The Republic of Motherhood by Liz Berry
The poem ‘The Republic of Motherhood’, after which the pamphlet from Liz Berry is named, won the Forward Prize for the best single poem in 2018. Accolades are no stranger to Berry, whose collection Black Country won a Somerset Maughan Award, the Geoffrey Faber Memorial Prize and the Forward Prize for Best First Collection.
Berry has captured much in this concise, compact pamphlet of fifteen poems. It is a journey through motherhood, and so many mothers will be able to relate instantly to this work. There needs to be more creative works available for mothers, especially when they can often feel shut out of the adult world, as this pamphlet covers. Berry’s pamphlet meets this need.
Berry’s writing is visceral and can be seen in ‘Transition’, a poem which captures the process of giving birth:
When the fires swept lit my body ablaze
I wanted to crawl into that lake at Kejimakujik
silent star-mirroring lake so deep
it knows no grave no soul
The trauma of birth is not actually as widely discussed a subject as one would think and so it is important that Berry draws attention to it. Another subject that Berry covers and which is a theme of The Republic, is post-natal depression. Her poem ‘Yellow Curtains’ is a nod to The Yellow Wallpaper by Charlotte Perkins Gilman, a story of a woman suffering depression and anxiety which is exasperated through gaslighting and mistreatment in a patriarchal environment. Berry tells us that ‘love can take this shape’, showing that love can be powerful and intense but also negative, difficult and overwhelming.
However, despite this representation of motherhood, we are also shown what a child can give a mother and therefore the opposing experience, seen in the poem ‘Bobowler’ in which Berry writes, ‘The love that lit the darkness between us/has not been lost’. To build on the positivity also present within this pamphlet, there is a sense of fate and destiny within it and one can see the bravery of the protagonist despite their physical and psychological battle. This positivity is reinforced by the imagery of nature within the poems; of birds which are traditionally a symbol of hope, and of starry skies.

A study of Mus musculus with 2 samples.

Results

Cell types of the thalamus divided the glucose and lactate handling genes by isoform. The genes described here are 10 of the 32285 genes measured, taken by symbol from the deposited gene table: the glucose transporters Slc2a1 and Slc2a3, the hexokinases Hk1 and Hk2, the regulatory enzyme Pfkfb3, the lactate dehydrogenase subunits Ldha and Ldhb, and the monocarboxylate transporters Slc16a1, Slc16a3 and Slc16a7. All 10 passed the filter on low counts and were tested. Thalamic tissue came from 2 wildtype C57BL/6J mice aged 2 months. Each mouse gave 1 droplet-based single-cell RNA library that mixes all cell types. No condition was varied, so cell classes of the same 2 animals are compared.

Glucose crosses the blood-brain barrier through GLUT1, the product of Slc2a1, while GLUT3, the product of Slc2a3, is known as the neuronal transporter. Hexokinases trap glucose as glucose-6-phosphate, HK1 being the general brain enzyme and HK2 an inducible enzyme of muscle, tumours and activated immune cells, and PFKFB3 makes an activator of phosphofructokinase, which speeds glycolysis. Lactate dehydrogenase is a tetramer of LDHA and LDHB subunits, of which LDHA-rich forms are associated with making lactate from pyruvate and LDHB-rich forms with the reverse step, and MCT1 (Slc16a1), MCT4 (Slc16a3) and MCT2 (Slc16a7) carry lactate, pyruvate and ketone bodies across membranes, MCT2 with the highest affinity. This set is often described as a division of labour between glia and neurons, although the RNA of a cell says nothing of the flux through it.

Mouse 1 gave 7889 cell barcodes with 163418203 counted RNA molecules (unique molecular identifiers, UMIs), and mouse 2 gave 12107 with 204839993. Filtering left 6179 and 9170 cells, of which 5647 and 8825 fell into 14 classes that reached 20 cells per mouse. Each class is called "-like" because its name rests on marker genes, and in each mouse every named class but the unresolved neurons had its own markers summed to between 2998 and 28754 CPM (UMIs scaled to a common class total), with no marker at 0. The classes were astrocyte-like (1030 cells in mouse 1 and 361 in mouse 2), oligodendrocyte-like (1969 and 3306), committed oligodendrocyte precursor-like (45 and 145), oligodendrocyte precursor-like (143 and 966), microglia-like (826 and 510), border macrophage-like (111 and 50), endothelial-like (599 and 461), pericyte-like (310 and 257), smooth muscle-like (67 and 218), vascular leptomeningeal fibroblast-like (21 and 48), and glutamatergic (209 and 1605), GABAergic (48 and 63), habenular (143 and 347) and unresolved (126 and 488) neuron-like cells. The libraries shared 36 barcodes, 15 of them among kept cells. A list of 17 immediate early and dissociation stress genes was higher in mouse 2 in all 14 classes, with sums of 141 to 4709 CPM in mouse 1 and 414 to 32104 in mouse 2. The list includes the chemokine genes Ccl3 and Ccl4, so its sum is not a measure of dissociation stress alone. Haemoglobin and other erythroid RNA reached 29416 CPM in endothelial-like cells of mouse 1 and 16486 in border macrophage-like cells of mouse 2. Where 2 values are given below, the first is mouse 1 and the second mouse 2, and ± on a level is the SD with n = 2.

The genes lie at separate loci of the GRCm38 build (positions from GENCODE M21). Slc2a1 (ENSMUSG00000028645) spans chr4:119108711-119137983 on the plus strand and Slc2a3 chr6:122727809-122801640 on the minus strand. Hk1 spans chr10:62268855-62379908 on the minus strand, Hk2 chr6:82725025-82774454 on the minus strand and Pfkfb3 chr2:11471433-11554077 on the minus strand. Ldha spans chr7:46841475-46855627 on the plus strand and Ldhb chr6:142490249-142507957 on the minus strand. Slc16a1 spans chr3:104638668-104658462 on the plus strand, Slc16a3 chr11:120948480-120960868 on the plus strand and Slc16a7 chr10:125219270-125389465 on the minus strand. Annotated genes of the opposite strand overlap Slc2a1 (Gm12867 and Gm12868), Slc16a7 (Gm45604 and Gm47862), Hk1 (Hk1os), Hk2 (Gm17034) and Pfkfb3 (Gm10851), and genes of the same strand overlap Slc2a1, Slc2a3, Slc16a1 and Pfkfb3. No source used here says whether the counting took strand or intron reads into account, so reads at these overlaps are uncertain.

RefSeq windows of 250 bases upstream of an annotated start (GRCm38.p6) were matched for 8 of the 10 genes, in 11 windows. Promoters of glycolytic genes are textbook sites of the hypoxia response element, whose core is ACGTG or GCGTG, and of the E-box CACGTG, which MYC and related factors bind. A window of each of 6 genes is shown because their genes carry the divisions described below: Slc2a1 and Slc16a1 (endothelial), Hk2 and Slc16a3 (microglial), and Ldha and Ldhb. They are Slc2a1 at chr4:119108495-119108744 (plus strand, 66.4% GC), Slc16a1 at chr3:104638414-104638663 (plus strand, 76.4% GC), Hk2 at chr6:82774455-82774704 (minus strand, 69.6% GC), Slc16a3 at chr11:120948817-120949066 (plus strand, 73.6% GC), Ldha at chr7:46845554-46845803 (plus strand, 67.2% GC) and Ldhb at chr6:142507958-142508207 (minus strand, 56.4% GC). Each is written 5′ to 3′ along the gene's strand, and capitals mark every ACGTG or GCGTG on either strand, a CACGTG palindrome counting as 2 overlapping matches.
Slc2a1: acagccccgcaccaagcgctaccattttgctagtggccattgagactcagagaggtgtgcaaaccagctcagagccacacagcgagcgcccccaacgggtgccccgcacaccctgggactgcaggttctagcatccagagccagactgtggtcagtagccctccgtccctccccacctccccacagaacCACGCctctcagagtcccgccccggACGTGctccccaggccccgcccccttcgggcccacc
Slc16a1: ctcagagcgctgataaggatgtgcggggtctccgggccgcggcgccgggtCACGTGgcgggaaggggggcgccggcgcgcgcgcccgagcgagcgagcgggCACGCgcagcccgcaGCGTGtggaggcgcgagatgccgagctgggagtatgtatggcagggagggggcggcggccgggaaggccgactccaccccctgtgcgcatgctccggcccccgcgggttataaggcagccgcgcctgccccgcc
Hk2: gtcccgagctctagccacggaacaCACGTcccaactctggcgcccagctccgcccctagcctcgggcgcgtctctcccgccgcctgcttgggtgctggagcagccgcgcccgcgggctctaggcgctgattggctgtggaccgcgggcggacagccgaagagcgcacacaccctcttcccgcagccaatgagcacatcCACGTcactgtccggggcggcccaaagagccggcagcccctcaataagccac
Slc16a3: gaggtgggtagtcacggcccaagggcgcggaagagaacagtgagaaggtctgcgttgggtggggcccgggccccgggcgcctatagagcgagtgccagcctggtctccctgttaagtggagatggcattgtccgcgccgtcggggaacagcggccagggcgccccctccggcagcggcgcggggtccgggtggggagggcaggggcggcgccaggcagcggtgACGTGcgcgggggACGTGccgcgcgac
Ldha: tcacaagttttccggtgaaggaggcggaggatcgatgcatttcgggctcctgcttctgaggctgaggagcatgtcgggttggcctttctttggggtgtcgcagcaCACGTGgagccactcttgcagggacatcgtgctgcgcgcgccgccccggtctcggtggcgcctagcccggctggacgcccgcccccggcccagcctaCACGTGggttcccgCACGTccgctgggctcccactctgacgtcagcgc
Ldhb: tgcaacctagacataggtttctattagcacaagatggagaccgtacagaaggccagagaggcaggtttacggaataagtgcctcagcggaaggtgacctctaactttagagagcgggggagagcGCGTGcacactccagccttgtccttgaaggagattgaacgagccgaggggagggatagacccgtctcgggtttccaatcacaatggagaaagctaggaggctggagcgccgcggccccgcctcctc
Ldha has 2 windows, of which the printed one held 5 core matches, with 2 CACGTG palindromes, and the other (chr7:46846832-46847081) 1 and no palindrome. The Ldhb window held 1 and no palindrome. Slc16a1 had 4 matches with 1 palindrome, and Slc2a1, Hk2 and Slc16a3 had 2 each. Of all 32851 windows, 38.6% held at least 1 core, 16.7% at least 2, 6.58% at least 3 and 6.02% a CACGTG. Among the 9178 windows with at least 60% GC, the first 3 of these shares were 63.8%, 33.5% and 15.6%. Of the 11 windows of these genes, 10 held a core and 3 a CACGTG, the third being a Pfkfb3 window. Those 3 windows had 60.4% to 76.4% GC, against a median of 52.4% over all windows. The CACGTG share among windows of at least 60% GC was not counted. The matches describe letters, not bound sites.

Berry is not afraid to phrase her poems simply in some places, to say ‘I’ and ‘me’ – her poems are strong enough for her not to have to perform linguistic acrobatics to erase herself from them. Occasionally deliberately childish language creeps through her pages, seen most in the poem ‘Lullaby’, and this increases the desperately hopeful, anxious, prayer-like intensity of her poems.
The last poem leaves readers wondering whether it is an ending or a beginning. Is it the speaker of the poem going into labour or her child learning to walk? This poem shows us how a beginning can work as an ending and how one may not be so different from another. It shows us that a mother’s love has no finishing point.
© 2020 Setareh Ebrahimi
Available under the Thanet Writers Education Policy
Setareh Ebrahimi performs regularly, and is a poet working in Faversham, Kent. She is the author of In My Arms from Bad Betty Press.